It’s Spargelzeit in Germany!
Published on April 13, 2020 / Updated on January 9, 2024
In English, we refer to asparagus and white asparagus, but it’s the opposite in Germany. Spargel refers to the white asparagus, and Grüner Spargel the less prized green spears. Each stalk of Spargel needs to be harvested by hand, and when you’re talking about an average of 130 thousand tonnes each year, that’s a lot of work.
All over Spargel-growing regions there are Spargelköniginnen, ‘Asparagus Queens’, who support the work of the local growing associations. This isn’t a stand and wave kind of job, but a busy workload over the season attending events and speaking to all sorts of organisations about the importance of the crop. They do wear a tiara and a sash though, to be sure. There are local festivals celebrating the vegetable, including the small town one where I witnessed a relay race involving wheelbarrows, hay bales, aprons, gloves, and of course, taking a shot of Schnapps. I’m pretty sure they’ve been doing this same thing for 400 years.
What would a German obsession be without specific tools? Spargel is no exception. You need a special Spargelschäler, ‘asparagus peeler’, for preparing your white gold without breaking it. Of course, to maintain their beautiful straightness, you need a tall Spargeltopf, ‘asparagus pot’. If you get really into it, you can invest in a Spargelteller, ‘asparagus plate’, with a special drainer built in or grooves to keep the vegetables in place, and Spargelzange, ‘asparagus tongs’ for serving.
You’ve paid extra for the best-looking Spargel spears, literally called Extra Spargel, the highest grade. The other kinds go from Handelsklasse I to Handelklasse II, which get thinner and less straight the lower down you go. There is no difference in taste, by the way, this is all a pure asparagus beauty contest. It’s tough digging out those spears from under those humps of dirt, and cutting it neatly with a Spargelmesser, ‘asparagus cutter/knife’, that’s one of the reasons it’s so expensive. If you’re going to make Spargelcremesuppe, ‘asparagus cream soup’, you can buy the cheapest broken spears as you’re going to blend the whole thing anyway.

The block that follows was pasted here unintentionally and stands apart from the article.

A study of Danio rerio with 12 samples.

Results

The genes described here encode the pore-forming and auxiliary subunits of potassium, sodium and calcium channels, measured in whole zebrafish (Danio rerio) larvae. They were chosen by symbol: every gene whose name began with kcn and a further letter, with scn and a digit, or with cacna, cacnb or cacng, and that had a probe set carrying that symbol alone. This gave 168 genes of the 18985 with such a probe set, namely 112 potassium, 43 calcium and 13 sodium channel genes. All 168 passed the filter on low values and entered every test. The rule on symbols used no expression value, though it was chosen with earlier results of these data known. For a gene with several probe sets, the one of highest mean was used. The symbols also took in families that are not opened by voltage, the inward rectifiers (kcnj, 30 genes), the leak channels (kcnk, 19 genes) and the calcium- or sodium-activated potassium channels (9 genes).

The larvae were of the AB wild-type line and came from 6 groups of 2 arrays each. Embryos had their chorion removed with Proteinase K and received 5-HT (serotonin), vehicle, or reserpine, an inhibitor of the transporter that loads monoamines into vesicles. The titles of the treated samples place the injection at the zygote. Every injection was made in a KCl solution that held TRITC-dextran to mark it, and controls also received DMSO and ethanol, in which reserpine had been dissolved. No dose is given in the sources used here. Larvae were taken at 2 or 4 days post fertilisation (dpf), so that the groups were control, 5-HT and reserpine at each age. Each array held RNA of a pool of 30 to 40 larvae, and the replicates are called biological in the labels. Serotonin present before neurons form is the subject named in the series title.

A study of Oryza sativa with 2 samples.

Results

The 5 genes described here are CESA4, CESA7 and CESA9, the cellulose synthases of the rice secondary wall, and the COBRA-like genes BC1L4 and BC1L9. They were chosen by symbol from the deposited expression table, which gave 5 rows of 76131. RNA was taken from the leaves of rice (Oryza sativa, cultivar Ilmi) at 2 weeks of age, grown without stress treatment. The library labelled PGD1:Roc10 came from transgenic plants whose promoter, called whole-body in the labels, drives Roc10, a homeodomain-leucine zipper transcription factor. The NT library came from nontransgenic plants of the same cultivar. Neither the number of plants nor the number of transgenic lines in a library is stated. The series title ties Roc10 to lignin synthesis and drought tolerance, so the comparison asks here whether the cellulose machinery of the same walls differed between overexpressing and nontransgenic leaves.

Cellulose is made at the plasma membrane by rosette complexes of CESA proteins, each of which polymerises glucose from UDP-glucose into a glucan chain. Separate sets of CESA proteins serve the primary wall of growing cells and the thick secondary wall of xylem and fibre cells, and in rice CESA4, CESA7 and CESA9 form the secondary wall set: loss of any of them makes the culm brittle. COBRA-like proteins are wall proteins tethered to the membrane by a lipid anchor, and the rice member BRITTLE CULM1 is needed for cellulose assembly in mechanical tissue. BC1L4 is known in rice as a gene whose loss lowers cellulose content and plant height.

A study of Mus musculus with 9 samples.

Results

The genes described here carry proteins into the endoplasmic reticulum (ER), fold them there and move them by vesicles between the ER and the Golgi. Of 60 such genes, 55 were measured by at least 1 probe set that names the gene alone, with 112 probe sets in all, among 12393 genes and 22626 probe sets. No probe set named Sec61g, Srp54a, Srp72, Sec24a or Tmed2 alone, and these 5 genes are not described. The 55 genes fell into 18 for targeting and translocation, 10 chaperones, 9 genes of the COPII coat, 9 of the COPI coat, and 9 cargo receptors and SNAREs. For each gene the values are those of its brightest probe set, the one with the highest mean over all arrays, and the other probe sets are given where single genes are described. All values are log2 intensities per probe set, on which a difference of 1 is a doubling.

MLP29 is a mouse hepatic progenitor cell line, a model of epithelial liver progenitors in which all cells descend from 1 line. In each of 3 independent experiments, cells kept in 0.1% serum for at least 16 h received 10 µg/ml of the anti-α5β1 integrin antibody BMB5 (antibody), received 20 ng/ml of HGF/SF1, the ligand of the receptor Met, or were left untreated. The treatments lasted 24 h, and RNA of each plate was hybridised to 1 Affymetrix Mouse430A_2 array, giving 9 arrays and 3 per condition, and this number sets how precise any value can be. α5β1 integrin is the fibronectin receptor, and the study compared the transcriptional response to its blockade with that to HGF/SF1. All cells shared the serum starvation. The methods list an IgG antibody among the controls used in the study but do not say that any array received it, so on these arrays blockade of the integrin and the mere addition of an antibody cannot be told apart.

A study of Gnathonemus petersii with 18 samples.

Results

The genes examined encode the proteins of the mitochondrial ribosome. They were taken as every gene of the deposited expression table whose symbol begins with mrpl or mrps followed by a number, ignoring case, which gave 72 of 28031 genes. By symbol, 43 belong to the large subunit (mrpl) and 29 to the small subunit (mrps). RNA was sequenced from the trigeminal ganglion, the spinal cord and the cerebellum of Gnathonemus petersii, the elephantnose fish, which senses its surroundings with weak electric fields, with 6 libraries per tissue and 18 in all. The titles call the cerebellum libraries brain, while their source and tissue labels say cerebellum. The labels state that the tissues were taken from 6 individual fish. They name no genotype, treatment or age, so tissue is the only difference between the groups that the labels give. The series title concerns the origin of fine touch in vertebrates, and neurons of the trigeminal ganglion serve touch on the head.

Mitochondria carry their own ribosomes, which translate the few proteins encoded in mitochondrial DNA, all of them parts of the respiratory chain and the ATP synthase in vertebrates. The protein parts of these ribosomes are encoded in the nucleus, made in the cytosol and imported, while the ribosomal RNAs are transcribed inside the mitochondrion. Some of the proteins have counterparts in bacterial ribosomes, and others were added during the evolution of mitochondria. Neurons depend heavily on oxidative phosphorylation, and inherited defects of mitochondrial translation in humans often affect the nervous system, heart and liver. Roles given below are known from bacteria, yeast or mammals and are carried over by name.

The traditional way to enjoy Spargel is steamed, with boiled new potatoes, and a side of thinly sliced smoked ham. Often the Spargel and the potatoes are covered with a slick of Hollandaise sauce or melted butter. In the shops, you can even pick up special bags of Spargelkartoffeln, ‘asparagus potatoes’, which are little waxy potatoes to serve with asparagus, rather than tasting like it. I live a few kilometres away from Schwetzingen, the self-proclaimed Spargelstadt, ‘asparagus town’. In every restaurant around during Spargelzeit, you see long tables full of families all ordering a pound of Spargel each, drowning in sauce.
All around Germany, the farms where they grow Spargel suddenly sprout little huts selling the white spears directly to customers. It’s not uncommon to see folks heading out on their bicycles to pick up a special armful of Spargel for a fancy weekend meal. A group of 140 farms in North Rhine-Westphalia have created a Spargelstrasse route, so you can cruise along the flat countryside enjoying meals at farmhouse restaurants and the white gold only a few metres from where it was picked.